When small business entrepreneurs start up and grow their business, cash flow is a prime concern. In fact, at the South Georgian Bay Small Business Enterprise Centre a frequent question is, “Are there any government grants and financing available to help small businesses start up?”

Although the Centre does not provide grants or financing, staff will help entrepreneurs seek out grants and loans, and assist with the process of writing a business plan.

The reality is, most small businesses don’t qualify for government grants. The granting programs that are available tend to be very sector specific and depend on where the government would like to see, and is encouraging, growth. For example, sometimes the government will run grant programs for companies that develop innovative new products or technology.

Otherwise, in terms of financial support for a broad range of businesses and start-ups, there are no granting programs.

Where to Look for Financing:

Typically, cash flow for start-up companies comes from personal investments and also from friends and family. From there, entrepreneurs look at either a granting program, if one is available, or a loan program from a local financial institution.

If you are going to be applying for any type of grants and financing from outside sources, it’s extremely important to develop a comprehensive business plan to clearly articulate your objectives, what you need the money for, how you plan to spend the money and when you plan on seeing a return from the investment.

“The financial component is always critical in a business plan whenever you’re applying for a loan or a grant,” stresses Gillian Fairley, Centre Manager. “I recommend to people thinking of applying for a bank loan to go to the bank’s website. Speak to one of their small business advisors and find out specifically what information would move your business plan and proposal forward.”

Most banks and other financial institutions generally have their own business plan recommendations, layouts and templates. A good tip is to use the business plan templates provided on a bank’s website because you’ll be providing them the information they want to know.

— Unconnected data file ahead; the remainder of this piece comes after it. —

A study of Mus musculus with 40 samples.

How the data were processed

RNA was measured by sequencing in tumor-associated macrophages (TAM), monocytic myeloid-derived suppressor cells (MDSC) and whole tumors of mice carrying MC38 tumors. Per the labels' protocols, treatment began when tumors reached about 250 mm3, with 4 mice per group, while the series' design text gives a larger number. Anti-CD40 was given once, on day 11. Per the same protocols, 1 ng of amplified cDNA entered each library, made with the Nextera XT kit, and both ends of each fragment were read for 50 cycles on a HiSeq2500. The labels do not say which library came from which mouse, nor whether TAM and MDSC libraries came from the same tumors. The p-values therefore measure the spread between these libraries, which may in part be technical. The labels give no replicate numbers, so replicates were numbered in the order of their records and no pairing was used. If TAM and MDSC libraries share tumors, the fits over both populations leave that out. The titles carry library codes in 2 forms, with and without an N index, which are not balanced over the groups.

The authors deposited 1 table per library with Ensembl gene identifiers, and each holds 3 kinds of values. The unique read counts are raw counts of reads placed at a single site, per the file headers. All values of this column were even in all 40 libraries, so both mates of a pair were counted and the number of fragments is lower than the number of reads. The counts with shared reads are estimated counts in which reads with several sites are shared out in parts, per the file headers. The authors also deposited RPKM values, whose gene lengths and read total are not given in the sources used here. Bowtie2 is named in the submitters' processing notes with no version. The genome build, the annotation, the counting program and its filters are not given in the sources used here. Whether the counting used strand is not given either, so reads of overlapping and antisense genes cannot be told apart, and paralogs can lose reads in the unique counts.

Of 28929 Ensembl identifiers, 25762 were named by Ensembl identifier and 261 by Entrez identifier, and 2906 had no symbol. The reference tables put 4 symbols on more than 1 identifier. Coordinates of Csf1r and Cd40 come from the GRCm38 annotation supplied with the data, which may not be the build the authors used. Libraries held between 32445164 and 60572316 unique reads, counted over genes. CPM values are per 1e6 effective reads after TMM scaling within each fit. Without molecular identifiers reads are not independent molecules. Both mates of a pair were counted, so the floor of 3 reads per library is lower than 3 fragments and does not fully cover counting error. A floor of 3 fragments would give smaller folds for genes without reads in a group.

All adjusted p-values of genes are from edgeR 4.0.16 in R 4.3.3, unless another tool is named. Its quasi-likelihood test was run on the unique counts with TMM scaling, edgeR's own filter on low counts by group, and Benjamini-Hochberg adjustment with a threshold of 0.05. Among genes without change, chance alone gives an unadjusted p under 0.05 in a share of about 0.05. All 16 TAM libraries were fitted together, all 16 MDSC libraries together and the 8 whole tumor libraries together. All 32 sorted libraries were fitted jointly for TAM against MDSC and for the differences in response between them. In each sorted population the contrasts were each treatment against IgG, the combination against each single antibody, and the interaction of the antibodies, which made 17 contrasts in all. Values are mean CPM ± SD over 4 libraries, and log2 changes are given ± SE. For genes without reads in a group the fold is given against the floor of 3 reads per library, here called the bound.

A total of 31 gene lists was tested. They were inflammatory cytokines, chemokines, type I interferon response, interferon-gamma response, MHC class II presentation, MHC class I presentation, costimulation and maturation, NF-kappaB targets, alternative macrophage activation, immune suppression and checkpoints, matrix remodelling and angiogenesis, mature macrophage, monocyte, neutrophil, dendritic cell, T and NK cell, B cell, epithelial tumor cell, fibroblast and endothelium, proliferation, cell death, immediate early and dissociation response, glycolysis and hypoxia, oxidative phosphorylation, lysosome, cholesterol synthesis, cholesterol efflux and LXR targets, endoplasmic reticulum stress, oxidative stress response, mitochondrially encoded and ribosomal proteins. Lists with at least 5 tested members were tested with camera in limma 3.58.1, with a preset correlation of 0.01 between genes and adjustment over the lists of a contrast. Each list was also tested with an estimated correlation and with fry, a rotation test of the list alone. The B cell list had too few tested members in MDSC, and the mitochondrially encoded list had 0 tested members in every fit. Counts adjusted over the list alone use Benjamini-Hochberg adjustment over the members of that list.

Locally, the Centre for Business and Economic Development can provide business loans of up to $150,000 to small to medium-sized businesses that are not able to get a loan from a traditional lending institute.

The Business Enterprise Resource Network (BERN), another local organization, runs a program called the Self Employment Assistance Program. This program is available to individuals who are currently collecting Employment Insurance or who have collected Employment Insurance in the past 36 months and to those re-entering the workforce after having left it to care for a newborn or newly adopted child.  BERN provides a formal training program to help people get their businesses up and running as well as offering financial support through the extension of E.I. benefits.

The Georgian Angel Network (GAN) provides financing to early stage high-growth companies in the Georgian Triangle Area.  GAN is a group of private investors from across the region that come from a wide variety of backgrounds and careers, and typically provide investments ranging from $150,000 to $350,000.

The Canadian Youth Business Foundation (CYBF) has a successful loan program for young entrepreneurs between the ages of 18-34 through its Start-Up Program. The CYBF will provide loans of up to $15,000, mentoring and on-line business resources.  Through the program another $15,000 may be available from the Business Development Bank of Canada.

Although the Centre doesn’t offer the CYBF program, it is available at other Business Centres including the Greater Barrie Business Enterprise Centre.

Looking Online:

There are ways to search for grant programs online for free. Entrepreneurs are encouraged to do their own research to see what is available, and if there are any programs that meets their needs.

It is important when looking for grants and financing online, not to get taken advantage of by some of the companies out there offering access to grant programs. If you do a Google search for Government Grants, there are some websites that will come up which look like official government websites, but in fact are not.

“Be leery of any organization asking for a fee to help you search out grant opportunities or those that are offering sell-on services in which you pay them to write a business plan first,” Gillian cautions.

If, after you’ve done your research and you’re still not sure that a granting organization is legitimate, contact any local Business Enterprise Centre or other business services in the area to confirm the organization is, in fact, a legitimate one.

Reliable Online Resources for Small Business Entrepreneurs:

A great online resource is www.gfundsonline.com where you can search for grants and financing programs at the federal and provincial level. Two other valuable resources are www.canadabusinessontario.ca and www.serviceontario.ca.

The Service Ontario website has a service called One Source for Business where you can search for available programs and create your own account to save the searches in. The Tools and Wizard application includes a Finance Wizard that can help find grants and financing.

Don’t let cash flow stop you from starting up the small business of your dreams. By researching reliable resources, and developing a solid business plan, you may find programs or other opportunities available to you to help you get your business up and running.